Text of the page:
John Herschel Glenn, Jr., 1921–2016.  NASA astronaut, 1959–1964, 1998; United States Senator from Ohio, 1975–1999.  8” x 10⅛” color photograph signed Best regards— / J H Glenn Jr.

This is a vintage color photograph of a smiling, youthful Glenn in his silver Mercury space suit.  Out search of auction records found only two other signed images like this one.

The photo has an early form of Glenn’s signature.  For most of his astronaut career and afterward, Glenn signed his first and last name, “John Glenn.”  But early in his career, he signed as he has here—“J. H. Glenn, Jr.”  The latest dated item that we found in auction results using this form of Glenn’s signature was from February 1967, and that appeared to be an aberration.  The latest one before that dated from mid-1964. 

In 1959, NASA selected Glenn as one of the original seven astronauts in Project Mercury, the United States’ first manned space program.  Following suborbital flights by Alan B. Shepard, Jr., and Virgil I. “Gus” Grissom, Glenn became the first American to orbit the Earth on February 20, 1962.  He made three orbits in his Friendship 7 spacecraft in a flight lasting 4 hours, 55 minutes, and 23 seconds.

Glenn came to the manned space program with considerable flight experience.  As a Marine pilot, and as an exchange pilot with the Air Force, he flew 59 South Pacific combat missions during Word War II and 90 during the Korean conflict.  He received many decorations, including the Distinguished Flying Cross six times.  After Korea, Glenn was a test pilot for Navy and Marine aircraft.  In 1957, he flew from Los Angeles to New York in an F8U Crusader in 3 hours, 23 minutes, setting a new transcontinental speed record in the first transcontinental flight to average supersonic speed.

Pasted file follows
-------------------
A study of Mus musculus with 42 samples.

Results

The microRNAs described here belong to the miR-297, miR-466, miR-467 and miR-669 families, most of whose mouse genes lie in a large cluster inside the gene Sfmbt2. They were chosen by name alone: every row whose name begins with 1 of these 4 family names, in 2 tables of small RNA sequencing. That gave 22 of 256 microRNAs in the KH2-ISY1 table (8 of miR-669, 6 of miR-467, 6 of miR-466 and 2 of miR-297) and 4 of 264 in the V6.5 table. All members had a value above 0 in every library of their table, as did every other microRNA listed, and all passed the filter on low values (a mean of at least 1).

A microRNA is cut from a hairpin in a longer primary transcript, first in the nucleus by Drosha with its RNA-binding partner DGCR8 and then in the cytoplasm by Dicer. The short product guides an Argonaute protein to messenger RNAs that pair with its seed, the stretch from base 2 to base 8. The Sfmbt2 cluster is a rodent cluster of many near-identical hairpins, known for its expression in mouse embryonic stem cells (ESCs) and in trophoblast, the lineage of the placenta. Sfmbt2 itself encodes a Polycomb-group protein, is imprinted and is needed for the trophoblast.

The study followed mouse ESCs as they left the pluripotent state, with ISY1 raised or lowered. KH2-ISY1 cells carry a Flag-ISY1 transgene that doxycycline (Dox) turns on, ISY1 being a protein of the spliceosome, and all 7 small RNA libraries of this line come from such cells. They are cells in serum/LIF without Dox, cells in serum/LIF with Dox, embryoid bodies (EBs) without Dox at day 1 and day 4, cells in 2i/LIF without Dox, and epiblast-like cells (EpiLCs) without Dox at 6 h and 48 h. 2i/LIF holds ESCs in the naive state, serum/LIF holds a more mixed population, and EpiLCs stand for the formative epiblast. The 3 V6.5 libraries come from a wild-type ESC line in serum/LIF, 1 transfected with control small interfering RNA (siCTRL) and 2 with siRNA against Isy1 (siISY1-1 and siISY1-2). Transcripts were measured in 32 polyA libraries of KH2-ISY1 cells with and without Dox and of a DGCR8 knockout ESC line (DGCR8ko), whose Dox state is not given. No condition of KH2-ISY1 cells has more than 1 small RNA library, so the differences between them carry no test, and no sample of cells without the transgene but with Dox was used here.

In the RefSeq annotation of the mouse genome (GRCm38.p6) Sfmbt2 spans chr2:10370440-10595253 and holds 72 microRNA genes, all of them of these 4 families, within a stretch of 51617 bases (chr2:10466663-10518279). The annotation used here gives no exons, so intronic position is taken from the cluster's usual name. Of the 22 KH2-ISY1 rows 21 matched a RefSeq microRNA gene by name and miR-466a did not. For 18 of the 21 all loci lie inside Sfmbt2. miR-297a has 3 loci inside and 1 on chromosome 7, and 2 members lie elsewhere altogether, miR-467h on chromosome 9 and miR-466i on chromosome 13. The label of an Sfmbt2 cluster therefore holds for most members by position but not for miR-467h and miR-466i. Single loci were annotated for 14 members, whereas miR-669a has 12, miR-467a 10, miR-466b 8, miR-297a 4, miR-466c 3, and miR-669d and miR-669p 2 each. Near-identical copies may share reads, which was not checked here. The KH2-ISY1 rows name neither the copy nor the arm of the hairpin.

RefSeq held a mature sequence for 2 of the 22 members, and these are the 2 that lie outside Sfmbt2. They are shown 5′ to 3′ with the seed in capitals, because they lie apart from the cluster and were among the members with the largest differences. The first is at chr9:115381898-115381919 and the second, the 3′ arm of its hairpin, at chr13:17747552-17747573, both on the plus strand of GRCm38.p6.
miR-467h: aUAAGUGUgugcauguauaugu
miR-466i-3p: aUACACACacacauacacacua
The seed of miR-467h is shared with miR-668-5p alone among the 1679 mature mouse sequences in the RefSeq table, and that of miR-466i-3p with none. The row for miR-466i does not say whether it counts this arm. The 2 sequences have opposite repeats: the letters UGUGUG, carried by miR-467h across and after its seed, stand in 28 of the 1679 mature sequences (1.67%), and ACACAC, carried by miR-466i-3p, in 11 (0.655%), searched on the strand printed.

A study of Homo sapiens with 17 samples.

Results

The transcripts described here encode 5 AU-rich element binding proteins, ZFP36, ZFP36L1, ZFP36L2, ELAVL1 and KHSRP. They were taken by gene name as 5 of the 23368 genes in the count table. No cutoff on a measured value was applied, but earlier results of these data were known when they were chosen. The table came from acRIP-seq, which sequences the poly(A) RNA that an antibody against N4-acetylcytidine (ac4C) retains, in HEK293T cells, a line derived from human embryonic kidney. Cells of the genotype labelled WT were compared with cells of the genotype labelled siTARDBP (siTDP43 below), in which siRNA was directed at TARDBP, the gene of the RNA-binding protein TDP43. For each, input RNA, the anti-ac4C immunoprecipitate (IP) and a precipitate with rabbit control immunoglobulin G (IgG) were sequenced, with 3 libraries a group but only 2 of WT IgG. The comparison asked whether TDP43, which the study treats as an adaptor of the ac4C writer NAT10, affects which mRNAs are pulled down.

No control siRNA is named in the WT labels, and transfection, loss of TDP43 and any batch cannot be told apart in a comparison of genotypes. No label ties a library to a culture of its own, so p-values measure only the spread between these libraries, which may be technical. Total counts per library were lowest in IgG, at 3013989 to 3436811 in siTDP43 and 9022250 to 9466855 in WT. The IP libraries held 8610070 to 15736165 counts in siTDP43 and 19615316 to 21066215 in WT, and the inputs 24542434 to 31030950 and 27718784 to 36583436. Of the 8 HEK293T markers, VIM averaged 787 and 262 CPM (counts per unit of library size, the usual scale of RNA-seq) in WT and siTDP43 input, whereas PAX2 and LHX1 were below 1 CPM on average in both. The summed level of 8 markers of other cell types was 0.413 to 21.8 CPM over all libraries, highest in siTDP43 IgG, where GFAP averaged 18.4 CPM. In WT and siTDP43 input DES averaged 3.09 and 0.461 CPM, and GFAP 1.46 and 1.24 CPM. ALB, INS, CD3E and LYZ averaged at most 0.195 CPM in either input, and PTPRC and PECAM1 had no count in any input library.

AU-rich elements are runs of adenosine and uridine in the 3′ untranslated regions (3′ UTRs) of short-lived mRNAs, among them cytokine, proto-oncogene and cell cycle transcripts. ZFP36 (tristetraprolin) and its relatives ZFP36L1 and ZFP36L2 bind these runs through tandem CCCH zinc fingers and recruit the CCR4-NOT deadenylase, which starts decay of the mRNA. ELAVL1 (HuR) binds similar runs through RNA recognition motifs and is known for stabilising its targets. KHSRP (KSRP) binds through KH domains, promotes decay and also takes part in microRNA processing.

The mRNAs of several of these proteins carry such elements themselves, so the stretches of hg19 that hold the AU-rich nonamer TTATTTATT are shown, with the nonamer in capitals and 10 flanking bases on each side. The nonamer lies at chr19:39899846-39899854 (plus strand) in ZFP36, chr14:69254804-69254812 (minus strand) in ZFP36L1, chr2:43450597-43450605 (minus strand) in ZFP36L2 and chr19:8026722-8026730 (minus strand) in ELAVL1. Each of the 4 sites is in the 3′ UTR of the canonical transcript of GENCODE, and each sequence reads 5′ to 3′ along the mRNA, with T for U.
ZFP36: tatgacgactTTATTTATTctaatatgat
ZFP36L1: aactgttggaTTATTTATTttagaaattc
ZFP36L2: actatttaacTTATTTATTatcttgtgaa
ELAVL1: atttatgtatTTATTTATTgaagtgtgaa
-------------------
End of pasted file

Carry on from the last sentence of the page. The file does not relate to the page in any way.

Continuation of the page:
Glenn left the astronaut corps in 1964.  He ran twice for the United States Senate before being elected from Ohio in 1974.  He served until 1999.

On February 20, 1997, the 35th anniversary of his Mercury flight, Glenn announced that he would retire from the Senate.  The next year, NASA invited him to rejoin the space program as a crew member on the space shuttle Discovery, and Glenn accepted.  On October 29, 1998, at age 77, Glenn became the oldest human to fly in space, testing the effects of space flight on the aging process.  The flight of STS-95 Discovery was a 9-day mission that traveled 134 orbits, covering 3.6 million miles, in 213 hours, 44 minutes.

This photograph is beautiful.  Glenn has inscribed and signed it with a blue fountain pen.  The photo has a few scattered handling marks, which are visible only if the photo is turned just right in the light.  The photo is in very fine condition.